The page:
101 Ways to Wellness
Eight: Spiritual Laws to Success
I feel like the universe has been conspiring lately to remind me about the importance of my connection to something larger than myself as I move through my daily life. If you are anything like me, you might be able to relate to feeling totally caught up (or bogged down) in the details of life– when and how much to exercise, what to eat, how to balance work, school, and family, and on and on. When life throws a few extra things on our plates, this sometimes can turn the normal grind into a head spinning tailspin, which is when I personally must reach out and grasp for some kind of meaning outside my little sphere in which I am operating.
I have read many great spiritual teachers over the years, but one of the most influential and mainstream (meaning one who writes very practically for the reality of most everyday lives) is Deepak Chopra. He has many books, but one that is both small and profound is the “The Seven Spiritual Laws of Success.” This week I will share Chopra’s overview of these seven laws, and encourage you to read the book to experience the power of his writing in it’s fullness.
Law 1- Pure Potentiality: This law is based on the idea that at our core we each possess endless possibilities and infinite creativity. When you discover your essential nature and know who you really are, there is the ability to fulfill any dream or reach any goal. Ways to access this state include spending time in nature as well as a daily practice of silence, meditation and mindful awareness.
Law 2- Giving: The best way to put The Law of Giving into operation is to make a decision that any time you come into contact with anyone, you will give them something. It doesn’t have to be in the form of material things; it could be a flower, a compliment or a prayer. In fact, the most powerful forms of giving are non-material. The gifts of caring, attention, affection, appreciation and love are some of the most precious gifts you can give, and they don’t cost you anything.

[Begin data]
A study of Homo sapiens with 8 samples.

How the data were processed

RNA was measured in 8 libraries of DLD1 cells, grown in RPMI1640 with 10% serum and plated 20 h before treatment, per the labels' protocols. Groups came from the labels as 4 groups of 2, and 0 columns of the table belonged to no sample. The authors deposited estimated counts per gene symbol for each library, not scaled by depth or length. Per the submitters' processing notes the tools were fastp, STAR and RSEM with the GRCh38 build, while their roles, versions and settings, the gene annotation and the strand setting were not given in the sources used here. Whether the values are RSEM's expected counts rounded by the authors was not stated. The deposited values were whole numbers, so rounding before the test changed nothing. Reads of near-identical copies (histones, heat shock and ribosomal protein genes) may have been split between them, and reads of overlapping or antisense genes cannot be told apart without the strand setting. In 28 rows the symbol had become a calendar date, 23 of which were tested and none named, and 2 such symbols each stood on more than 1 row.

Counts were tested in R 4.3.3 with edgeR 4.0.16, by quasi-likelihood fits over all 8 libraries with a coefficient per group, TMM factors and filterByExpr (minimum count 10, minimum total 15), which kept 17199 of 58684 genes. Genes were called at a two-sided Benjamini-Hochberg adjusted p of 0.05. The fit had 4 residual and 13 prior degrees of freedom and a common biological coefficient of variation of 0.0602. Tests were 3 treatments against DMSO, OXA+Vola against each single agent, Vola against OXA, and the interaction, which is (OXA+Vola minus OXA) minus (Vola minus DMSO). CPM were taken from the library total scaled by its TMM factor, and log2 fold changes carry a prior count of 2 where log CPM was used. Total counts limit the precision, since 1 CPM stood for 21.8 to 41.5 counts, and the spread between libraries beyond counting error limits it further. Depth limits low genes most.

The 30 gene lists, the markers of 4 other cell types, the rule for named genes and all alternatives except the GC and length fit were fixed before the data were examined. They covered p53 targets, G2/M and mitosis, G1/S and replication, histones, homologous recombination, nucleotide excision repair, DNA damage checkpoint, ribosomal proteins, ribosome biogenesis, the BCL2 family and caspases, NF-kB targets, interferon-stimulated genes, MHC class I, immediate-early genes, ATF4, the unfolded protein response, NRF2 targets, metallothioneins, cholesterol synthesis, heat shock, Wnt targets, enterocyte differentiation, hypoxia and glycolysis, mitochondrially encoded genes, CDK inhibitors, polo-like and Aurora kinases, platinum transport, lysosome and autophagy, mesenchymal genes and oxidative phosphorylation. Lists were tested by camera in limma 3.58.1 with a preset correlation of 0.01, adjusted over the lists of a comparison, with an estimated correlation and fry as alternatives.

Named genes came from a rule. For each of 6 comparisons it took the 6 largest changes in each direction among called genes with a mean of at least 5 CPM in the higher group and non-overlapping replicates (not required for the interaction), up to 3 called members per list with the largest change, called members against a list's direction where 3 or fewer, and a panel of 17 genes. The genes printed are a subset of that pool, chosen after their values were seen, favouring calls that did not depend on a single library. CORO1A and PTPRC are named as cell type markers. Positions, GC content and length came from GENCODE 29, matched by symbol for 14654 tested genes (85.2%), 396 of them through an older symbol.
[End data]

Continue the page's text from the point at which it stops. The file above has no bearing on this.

Law 3- Karma: There is nothing unfamiliar about the Law of Karma. Everyone had heard the expression, “What you sow is what you reap.” Obviously, if we want to create happiness in our lives, we must learn to sow the seeds of happiness. Therefore, karma implies the action of conscious choice-making. Whether you like it or not, everything that is happening at this moment is a result of the choices you’ve made in the past. Unfortunately, a lot of us make choices unconsciously, and therefore we don’t think they are choices–and yet, they are. If you step back for a moment and witness the choices you are making as you make those choices, then in just this act of mindfulness you can shift from the unconscious into the conscious realm.
Law 4- Least Effort: There are three components to the Law of Least Effort–three things you can do to put this principle of “do less and accomplish more” into action. The first component is acceptance. Acceptance simply means that you make a commitment: “Today I will accept people, situations, circumstances and events as they occur.” The second component is responsibility. This means not blaming anyone or anything for your situation, including yourself. The third component to the Law of Least Effort is defenselessness. This means that you have released the need to convince or persuade others of your point of view. If you relinquish this need you will in that relinquishment gain access to enormous amounts of energy that have been previously wasted.
Law 5- Intention and Desire: This law is based on the premise that one can consciously change the energy and informational content of themselves, and therefore influence the energy and informational content of their environment and cause things to manifest in it. Intention lays the groundwork for the effortless, spontaneous, flow of one’s greatest potential, and Chopra cautions that those intentions be used for the benefit of others as well as self.
Law 6- Detachment: This law says that in order to acquire anything, you have to relinquish your attachment to it, or more specifically you give up your attachment to the result. Chopra asserts that anything you want can be acquired through detachment, because detachment is based on the unquestioning belief in the power of your true Self.
Law 7- Dharma: Dharma is a Sanskrit word that means “purpose in life.” There are three components to the Law of Dharma. The first says that each of us is here to discover our true Self; the second component is to express our unique talents; and the third component is service to humanity. When you combine the ability to express your unique talent with service to humanity, then you will achieve your fullest expression of the unique gifts you have to share with and help serve others.
From wellness coach Julie Marks, Phd.